Obama tried to use his first Oval Office address to demonstrate his leadership in tackling the crisis: He spoke about his administration's efforts to clean up the oil, to help those affected by the spill, and to "make sure that a catastrophe like this never happens again".
Shortly before Obama spoke on Tuesday, a team of US scientists significantly revised its estimate of the oil flow rate, increasing it to 35,000-60,000 barrels (5.56 million litres to 9.5 million litres) a day.
The team initially estimated the flow at between 12,000 and 19,000 barrels per day (bpd); last week, it increased that estimate to 20,000 to 40,000 bpd.
All three figures are far above the initial estimate of 5,000 bpd given by BP and US officials at the start of the crisis.
The revised estimate comes from data gathered from pressure metres that were placed on a containment cap which is now capturing some of the oil.
The estimates include the oil being captured by that containment system, which has been collecting around 15,000 bpd for a week.
Angry over response
Obama said the government would offer additional resources and assistance to the affected coastal states as cleanup efforts continue.
"A mobilisation of this speed and magnitude will never be perfect, and new challenges will always arise," he said.
"Despite our best efforts, oil has already caused damage to our coastline and its wildlife. And sadly, no matter how effective our response becomes, there will be more oil and more damage before this siege is done."
Nearly two months after the oil spill began, many critics say Obama has not done enough to stop it.
Obama's speech failed to convince many residents living along the Gulf of Mexico
An Associated Press-Gfk poll released on Tuesday showed that Americans were just as dissatisfied with Obama's work on the spill as they were with how his predecessor, George Bush, bungled his handling of the 2005 Hurricane Katrina crisis.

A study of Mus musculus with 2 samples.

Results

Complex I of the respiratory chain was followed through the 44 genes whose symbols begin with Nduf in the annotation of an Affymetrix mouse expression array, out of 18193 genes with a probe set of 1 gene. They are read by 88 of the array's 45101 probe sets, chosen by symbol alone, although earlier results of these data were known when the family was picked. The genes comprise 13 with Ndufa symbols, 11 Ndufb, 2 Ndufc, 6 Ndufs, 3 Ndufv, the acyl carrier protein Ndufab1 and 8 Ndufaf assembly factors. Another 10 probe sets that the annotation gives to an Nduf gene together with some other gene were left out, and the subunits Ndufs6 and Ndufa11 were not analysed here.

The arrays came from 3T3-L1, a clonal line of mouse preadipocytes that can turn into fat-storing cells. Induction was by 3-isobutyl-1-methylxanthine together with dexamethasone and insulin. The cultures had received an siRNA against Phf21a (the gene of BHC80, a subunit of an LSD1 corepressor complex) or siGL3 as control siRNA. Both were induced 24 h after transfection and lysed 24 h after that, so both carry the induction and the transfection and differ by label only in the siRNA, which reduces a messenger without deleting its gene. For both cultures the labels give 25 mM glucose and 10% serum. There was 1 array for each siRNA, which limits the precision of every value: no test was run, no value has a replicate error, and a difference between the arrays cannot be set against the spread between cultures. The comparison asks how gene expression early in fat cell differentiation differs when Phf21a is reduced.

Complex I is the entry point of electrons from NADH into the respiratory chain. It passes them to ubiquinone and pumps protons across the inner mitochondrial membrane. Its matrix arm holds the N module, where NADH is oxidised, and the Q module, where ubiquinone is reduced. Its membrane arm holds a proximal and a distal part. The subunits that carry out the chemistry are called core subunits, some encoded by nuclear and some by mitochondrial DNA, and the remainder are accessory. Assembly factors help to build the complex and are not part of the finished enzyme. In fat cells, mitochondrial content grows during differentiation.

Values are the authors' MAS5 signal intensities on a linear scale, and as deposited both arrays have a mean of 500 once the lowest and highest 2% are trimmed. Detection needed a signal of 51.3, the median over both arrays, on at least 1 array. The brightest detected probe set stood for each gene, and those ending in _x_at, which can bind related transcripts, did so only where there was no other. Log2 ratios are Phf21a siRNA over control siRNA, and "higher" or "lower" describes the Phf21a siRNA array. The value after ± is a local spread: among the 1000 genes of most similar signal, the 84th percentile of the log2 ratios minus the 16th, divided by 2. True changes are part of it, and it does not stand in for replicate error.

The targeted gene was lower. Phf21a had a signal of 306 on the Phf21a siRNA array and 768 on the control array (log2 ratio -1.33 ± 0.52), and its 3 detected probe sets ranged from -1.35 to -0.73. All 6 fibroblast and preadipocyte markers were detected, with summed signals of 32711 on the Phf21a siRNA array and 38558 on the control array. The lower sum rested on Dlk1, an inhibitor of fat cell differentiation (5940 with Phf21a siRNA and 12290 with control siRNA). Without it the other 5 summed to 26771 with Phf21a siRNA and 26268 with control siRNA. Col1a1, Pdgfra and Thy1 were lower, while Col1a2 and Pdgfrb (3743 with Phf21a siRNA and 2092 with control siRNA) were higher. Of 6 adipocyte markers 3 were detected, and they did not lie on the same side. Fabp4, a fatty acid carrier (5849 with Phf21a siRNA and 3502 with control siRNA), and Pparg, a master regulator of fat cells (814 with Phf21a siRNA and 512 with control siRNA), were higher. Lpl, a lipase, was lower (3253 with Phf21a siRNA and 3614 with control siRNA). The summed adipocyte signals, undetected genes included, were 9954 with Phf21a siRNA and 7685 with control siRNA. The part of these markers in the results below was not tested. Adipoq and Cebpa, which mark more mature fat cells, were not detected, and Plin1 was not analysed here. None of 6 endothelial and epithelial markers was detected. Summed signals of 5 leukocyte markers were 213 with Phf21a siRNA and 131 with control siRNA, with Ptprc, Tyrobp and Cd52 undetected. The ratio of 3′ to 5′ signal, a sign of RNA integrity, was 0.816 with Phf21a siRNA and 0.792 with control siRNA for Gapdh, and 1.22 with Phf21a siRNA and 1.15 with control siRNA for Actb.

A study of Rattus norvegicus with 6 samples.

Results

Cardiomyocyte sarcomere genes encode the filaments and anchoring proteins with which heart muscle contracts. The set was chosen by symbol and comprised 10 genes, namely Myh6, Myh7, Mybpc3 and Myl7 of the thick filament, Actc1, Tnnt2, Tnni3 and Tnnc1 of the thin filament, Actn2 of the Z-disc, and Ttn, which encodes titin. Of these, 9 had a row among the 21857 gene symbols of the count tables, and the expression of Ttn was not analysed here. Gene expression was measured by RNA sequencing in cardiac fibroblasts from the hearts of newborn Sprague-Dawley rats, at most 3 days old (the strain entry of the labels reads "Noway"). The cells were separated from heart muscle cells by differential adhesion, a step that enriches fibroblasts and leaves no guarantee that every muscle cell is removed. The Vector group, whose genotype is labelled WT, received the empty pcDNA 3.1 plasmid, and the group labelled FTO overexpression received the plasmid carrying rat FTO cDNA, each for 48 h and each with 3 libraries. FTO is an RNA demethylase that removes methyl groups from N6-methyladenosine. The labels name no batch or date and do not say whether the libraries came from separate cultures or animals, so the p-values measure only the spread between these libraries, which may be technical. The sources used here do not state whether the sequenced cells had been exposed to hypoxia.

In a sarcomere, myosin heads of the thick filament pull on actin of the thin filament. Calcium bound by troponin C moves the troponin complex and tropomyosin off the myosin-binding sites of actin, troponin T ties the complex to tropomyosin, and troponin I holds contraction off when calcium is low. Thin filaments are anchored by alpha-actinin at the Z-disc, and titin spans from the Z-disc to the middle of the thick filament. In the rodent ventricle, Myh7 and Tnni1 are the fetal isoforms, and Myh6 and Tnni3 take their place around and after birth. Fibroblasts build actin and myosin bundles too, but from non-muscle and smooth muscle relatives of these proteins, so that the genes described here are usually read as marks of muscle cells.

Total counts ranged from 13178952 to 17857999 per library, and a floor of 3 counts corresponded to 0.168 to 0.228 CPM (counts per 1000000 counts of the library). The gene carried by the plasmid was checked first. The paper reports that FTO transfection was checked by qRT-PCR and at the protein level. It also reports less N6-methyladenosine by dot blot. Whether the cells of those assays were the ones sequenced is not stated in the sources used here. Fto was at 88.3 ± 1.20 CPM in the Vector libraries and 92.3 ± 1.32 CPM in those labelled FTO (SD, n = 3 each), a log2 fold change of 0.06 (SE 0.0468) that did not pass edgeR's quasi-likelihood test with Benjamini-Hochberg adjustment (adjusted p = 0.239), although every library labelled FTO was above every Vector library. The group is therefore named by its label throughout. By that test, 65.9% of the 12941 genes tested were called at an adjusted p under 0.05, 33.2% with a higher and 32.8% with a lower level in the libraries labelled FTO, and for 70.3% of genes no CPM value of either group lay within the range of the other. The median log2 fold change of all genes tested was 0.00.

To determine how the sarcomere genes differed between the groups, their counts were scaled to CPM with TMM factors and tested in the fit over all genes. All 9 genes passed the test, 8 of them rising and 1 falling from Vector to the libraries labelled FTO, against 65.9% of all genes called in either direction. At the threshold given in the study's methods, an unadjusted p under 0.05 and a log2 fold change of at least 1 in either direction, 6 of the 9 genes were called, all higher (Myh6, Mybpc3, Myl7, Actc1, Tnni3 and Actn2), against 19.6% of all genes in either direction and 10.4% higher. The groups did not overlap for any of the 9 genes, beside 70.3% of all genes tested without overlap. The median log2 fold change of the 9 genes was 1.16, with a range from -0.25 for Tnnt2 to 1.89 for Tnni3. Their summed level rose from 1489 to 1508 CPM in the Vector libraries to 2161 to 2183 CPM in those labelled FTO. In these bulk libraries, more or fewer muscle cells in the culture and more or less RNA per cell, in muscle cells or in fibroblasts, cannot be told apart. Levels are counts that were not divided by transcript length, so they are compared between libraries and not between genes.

The poll found that most people were angry about the government's slow response, and that 52 per cent did not approve of Obama's handling of the spill - a significant increase from last month, when most people adopted a wait-and-see approach.
The April 20 explosion at BP's Deepwater Horizon drilling rig killed 11 workers and ruptured the wellhead.
The spill has fouled 190km of US coastline, damaged multi-billion-dollar fishing and tourism industries, and killed birds, sea turtles and dolphins.
In his speech to the nation, Obama said a major focus for his administration would be on the recovery and restoration of the coast; he said that BP would be required to set aside money to pay for the long-term damage.
Obama used the bulk of his speech to renew his pitch for a switch from fossil fuels to clean energy, saying that Americans "must seize the moment" and "accelerate the transition".
"The tragedy unfolding on our coast is the most painful and powerful reminder yet that the time to embrace a clean energy future is now," he said.
Michael Steele, the chairman of the opposition Republican party, accused Obama of exploiting the crisis for his own political gain.
Steele said the president's actions demonstrated his inability to lead Americans out of a disaster and showed an "appallingly arrogant political calculus".
BP said in response to Obama's speech that it shared the president's goals of shutting down the gushing oil well, and helping the people and environment affected by the spill.
BP has faced a barrage of criticism over decisions it made before the explosion that appeared to favour cost savings over safety.
Two Democratic legislators on Tuesday accused BP of choosing faster and cheaper drilling options in the Gulf of Mexico that "increased the danger of a catastrophic well failure".
"It appears that BP repeatedly chose risky procedures in order to reduce costs and save time and made minimal efforts to contain the added risk," said Henry Waxman and Bart Stupak, the leading Democrats on the House of Representatives energy and commerce committee.